I dig Roy Lichtenstein

While in Chicago for Techweek, I made time for three short excursions:

  1. Ate some deep dish pizza while subjecting hapless bar patrons to the next Backabit game.
  2. Finally saw Prometheus in 3-D with Nathan Verrill.
  3. Went to the Roy Lichtenstein retrospective at the Art Institute of Chicago.

Seeing so much of Lichtenstein’s work in person was a thrill. My love of comics and pop culture predisposes me to any twentieth-century art with a healthy sense of satire, and nowhere do I experience that more purely than in Lichtenstein’s painting and sculpture. It’s also been fascinating to see his influence come full circle, evident (intentionally or not) in the work of cartoonists like Mike Allred, Darwyn Cooke and Los Bros Hernandez.

As I explored the exhibit’s 160+ works, I was struck not only by their cleverness, expressiveness and visual impact, but also how they amplified the strengths and limitations of imagery our society takes for granted. From the April 25, 1966 issue of Newsweek:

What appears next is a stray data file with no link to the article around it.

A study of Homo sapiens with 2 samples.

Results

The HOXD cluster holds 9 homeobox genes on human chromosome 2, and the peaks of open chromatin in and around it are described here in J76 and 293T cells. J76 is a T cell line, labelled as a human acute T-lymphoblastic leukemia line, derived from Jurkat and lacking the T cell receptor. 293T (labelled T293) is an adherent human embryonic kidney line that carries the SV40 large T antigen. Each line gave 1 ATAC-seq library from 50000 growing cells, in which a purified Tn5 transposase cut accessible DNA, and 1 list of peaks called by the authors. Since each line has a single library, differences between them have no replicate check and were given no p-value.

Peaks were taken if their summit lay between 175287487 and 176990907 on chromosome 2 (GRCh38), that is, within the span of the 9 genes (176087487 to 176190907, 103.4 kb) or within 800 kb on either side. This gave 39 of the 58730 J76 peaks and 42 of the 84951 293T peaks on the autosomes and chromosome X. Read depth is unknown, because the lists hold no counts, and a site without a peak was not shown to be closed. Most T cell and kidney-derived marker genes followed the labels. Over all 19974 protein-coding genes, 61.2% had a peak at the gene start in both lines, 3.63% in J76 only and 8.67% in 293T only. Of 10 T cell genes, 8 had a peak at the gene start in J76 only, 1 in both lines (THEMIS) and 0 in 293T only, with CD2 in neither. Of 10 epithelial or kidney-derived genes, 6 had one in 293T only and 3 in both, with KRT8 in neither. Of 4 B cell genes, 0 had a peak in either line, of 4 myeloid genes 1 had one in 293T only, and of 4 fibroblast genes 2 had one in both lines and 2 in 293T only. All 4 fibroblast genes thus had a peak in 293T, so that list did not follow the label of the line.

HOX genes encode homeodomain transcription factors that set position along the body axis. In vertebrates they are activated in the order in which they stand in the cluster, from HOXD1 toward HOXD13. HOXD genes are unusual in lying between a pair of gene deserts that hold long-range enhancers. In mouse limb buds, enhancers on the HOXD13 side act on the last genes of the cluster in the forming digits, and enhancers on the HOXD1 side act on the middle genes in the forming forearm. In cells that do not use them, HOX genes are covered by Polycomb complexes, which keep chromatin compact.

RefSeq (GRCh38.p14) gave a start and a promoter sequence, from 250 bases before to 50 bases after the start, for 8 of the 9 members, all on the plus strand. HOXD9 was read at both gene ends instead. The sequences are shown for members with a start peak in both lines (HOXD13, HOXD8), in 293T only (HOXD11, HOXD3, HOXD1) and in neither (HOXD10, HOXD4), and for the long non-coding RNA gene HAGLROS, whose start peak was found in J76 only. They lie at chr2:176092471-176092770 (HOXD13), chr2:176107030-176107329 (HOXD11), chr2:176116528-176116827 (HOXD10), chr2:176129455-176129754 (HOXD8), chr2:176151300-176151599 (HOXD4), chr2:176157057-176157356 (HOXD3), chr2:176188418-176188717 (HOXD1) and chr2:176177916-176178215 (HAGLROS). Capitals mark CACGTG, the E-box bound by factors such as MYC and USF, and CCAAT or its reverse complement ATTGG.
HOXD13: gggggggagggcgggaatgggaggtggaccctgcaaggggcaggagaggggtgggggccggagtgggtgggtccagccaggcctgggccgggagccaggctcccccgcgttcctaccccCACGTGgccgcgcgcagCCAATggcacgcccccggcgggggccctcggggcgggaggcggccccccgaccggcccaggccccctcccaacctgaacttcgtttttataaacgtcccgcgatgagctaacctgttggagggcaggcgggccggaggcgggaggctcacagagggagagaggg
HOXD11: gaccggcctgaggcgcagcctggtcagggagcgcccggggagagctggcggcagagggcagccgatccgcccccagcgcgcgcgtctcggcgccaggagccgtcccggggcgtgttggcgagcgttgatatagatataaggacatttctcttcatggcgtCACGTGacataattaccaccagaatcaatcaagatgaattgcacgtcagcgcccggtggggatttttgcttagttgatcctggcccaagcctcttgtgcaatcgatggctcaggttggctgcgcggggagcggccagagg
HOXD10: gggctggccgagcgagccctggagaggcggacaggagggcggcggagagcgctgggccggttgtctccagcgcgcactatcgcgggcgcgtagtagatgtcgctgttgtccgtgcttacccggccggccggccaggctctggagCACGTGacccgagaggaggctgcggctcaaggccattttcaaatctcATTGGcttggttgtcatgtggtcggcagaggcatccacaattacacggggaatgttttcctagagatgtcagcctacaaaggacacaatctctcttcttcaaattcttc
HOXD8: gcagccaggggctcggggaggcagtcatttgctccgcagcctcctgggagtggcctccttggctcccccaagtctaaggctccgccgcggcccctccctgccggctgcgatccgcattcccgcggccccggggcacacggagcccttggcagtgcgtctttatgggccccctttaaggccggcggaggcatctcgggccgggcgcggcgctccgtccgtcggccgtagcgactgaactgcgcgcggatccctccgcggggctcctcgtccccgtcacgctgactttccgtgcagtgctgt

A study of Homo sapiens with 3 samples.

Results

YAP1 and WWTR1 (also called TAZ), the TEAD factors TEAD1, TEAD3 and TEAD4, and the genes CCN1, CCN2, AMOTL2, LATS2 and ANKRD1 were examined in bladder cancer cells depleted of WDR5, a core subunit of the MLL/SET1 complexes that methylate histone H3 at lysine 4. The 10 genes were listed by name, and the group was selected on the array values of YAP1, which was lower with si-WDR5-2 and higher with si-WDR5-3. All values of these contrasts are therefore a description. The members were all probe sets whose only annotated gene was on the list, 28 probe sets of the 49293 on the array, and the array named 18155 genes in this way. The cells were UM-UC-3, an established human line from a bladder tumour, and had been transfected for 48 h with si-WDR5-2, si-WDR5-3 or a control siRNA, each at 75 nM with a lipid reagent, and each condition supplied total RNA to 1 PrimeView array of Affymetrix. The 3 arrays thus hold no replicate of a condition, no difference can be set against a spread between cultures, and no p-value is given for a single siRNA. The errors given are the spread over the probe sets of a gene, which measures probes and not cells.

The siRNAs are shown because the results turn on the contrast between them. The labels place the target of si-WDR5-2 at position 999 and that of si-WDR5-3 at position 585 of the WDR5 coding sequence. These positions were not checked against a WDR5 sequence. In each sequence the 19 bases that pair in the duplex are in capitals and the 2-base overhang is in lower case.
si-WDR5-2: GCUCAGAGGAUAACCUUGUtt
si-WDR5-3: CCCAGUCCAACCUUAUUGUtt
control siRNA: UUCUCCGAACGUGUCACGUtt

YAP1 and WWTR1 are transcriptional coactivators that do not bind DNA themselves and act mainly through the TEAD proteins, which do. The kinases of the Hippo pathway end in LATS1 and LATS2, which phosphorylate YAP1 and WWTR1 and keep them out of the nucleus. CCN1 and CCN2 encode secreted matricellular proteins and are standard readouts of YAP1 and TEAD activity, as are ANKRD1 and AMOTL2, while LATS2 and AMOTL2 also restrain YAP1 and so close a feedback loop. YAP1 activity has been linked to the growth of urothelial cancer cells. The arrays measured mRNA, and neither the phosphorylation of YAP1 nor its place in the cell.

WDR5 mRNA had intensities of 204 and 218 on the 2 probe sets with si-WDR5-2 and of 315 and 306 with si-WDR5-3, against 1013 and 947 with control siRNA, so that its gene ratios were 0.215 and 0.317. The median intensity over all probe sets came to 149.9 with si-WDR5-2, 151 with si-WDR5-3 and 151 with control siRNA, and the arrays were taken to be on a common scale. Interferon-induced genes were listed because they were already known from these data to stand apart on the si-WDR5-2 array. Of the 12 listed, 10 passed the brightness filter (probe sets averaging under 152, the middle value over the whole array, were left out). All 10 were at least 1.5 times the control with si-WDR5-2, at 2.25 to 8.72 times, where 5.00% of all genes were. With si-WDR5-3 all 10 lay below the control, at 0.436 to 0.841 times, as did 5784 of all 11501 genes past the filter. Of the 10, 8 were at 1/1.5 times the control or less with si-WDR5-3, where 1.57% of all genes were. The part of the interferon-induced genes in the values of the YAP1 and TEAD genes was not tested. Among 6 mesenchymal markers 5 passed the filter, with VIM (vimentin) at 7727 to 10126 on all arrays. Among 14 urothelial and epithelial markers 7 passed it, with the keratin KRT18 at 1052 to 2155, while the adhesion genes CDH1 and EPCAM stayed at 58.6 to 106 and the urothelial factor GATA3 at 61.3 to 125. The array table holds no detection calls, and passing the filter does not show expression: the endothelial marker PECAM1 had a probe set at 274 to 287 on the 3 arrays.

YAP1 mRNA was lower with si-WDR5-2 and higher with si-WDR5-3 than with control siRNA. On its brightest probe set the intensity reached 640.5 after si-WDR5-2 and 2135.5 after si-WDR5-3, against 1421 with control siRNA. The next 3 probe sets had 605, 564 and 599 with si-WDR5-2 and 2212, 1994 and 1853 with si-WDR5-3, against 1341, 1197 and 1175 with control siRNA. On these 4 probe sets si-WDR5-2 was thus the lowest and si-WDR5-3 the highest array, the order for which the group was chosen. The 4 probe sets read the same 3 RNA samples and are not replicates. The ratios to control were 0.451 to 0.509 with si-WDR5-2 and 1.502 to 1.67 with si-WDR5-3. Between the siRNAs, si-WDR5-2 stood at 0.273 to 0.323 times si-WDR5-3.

“The experience of commercial art has given birth to a kind of symbolism,” says Lichtenstein, “and we are unifying the symbols. The products and advertising in popular culture show the impingement of this expedience. Why do you think a hill or a tree is more beautiful than a gas pump? It’s because you’re conditioned to think that way. I am calling attention to the abstract quality of banal images.”

If you’re in Chicago, I highly recommend you check it out. There’s also a beautiful exhibition catalog I couldn’t resist taking home with me. If you’re as weak-willed as I am about purchasing expensive hardcovers, I urge you to avoid flipping through it.